As CES 2015 gets underway, the Internet of Things takes center stage. Or should we say the Internet of Monitoring?
CES 2015 Preview: 8 Hot Trends
CES 2015 Preview: 8 Hot Trends
(Click image for larger view and slideshow.)

Around 160,000 people have come to CES 2015 in Las Vegas to get a glimpse of a world where everything connects with everything else. What began as a trade show to showcase televisions, turntables, and other consumer gadgets has become a nexus for the exchange of data.

Connections allow the exchange of data. CES has always been about personal connections and business connections. But in the past few years, as mobile devices have become ubiquitous and cloud services have matured, it has shone a spotlight on the appeal of connecting devices, for device makers and possibly device buyers.

Our devices allow the interchange of data about people, about us. And such data turns out to be hugely valuable to companies that aspire to build ongoing relationships with customers. It allows companies to understand how their products are being used and to sell more products and services.

[Want to learn more about the coming "Internet of Me"? See CES 2015: Big Data A Quiet Star.]

At Panasonic's media conference on Monday, Julie Bauer, president of Panasonic's consumer sales division, described her group's goal as "expanding touch-points with consumers." The company announced upcoming products including a line of TVs with a Firefox OS interface, a Home Monitoring & Control Kit with no monthly fee, and a virtual mirror that will help cosmetics companies offer makeup recommendations to clients.

These products fit into the Internet of Things, the growing network of connections between computer-enabled objects. But the Internet of Things is a problematic term because it emphasizes the things rather than the people using them. Really, it is the Monitoring of People and Their Property. The Internet of Things connects our stuff to us, for better or worse. The privacy and security concerns that accompany the Internet of Things seldom get discussed in detail at product launch events, but they should be, before the discussion moves to hacker conferences like Black Hat.

Chris Allen, founder and CEO of iDevices, a maker of connected cooking thermometers and soon connected outlets, said that the most exciting aspect of the Internet of Things is "the analytics you can garner, the way you can service the customer and understand how the customer uses the product."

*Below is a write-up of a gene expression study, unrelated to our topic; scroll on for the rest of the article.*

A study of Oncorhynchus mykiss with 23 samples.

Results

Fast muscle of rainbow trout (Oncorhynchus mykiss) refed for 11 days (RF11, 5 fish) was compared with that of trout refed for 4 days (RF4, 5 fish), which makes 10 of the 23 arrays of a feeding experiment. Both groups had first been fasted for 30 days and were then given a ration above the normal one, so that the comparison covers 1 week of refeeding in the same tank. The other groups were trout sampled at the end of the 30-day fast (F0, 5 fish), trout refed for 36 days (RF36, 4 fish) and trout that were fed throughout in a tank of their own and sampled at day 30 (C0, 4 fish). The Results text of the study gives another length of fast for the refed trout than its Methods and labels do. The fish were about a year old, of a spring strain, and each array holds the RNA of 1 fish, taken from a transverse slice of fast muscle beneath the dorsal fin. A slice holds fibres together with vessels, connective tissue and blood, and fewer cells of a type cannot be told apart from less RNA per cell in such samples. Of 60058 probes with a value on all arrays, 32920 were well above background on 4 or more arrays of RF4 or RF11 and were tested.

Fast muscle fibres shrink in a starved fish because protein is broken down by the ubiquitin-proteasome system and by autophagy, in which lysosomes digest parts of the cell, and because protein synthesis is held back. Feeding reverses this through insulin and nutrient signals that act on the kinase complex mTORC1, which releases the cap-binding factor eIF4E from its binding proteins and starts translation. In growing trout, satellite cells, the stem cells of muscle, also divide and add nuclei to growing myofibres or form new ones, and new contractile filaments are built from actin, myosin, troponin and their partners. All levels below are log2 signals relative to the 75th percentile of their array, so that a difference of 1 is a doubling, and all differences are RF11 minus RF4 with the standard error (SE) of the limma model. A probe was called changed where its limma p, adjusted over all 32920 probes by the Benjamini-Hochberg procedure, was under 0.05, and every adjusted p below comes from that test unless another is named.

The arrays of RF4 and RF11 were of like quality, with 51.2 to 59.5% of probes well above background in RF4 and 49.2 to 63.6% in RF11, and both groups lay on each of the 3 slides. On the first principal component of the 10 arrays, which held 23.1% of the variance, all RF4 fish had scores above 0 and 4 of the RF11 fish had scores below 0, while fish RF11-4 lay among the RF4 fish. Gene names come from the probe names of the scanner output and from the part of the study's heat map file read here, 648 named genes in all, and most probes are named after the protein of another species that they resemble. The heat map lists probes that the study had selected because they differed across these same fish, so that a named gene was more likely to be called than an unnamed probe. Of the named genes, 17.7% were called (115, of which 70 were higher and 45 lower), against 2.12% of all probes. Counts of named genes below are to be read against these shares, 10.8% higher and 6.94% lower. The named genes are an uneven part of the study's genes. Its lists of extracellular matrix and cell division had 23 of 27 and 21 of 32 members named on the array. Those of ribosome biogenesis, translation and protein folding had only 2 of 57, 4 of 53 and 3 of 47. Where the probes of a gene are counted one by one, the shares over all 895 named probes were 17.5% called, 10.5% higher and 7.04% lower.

iDevices held its press conference with Schlage and Chamberlain. The presence of a 95-year-old lock company and a 61-year-old maker of garage door openers at a home automation-themed event attests to the fact that there's change in the air, that established industrial brands see an opportunity to redefine the scope of their business and the way they interact with customers.

Cory Sorice, VP of marketing for connected products and commerce at Chamberlain, observed that his company interacted with its customers about once every 15 years. That's how long the company's garage door openers generally last. But with Chamberlain's MyQ Garage, customer interactions become daily events through push notifications. And these interactions can be important: As Sorice put it, when you receive notification that your daughter came home through the garage at 3:00 a.m., or didn't, that matters.

At Samsung's press conference, the Internet of Things was mentioned only in passing, because it was to be the subject of Samsung Electronics CEO Boo-Keun Yoon's keynote on Monday evening. Still, Tim Baxter, president and COO of Samsung Electronics USA, underscored his company's interest in the Internet of Things by citing Samsung's acquisition of Smart Things last summer. He also noted that roughly a third of Americans say they're interested in smart-home technology, but less than 2% have actually deployed it. "We believe this represents a huge opportunity for Samsung," he said.

Samsung didn't announce any noteworthy mobile products beyond a small, wireless 1-TB SSD, unless you consider its planned robotic vacuum, dubbed PowerBot, a mobile device. It announced that its cloud music and video services, Milk Music and Milk Video, will be coming to PCs and Samsung Smart TVs (which henceforth will run the Tizen operating system). It also announced Milk VR, to provide branded VR content to its Gear VR headset, and the UHD Alliance, a group of companies hoping to standardize the ultra-high definition TV ecosystem.

While introducing Phase II of the company's Chef Collection home appliances, Samsung Electronics USA VP John Herrington underscored the company's commitment to the Internet of Things. "Home appliances are now a major pillar for us, alongside mobile and TV," he said.

Every "thing" now is a technology product, though not necessarily a very compelling one. As iDevices' Allen remarked earlier in the day, "The consumer has to see true value. It can't just be an [Internet-enabled] on/off light switch."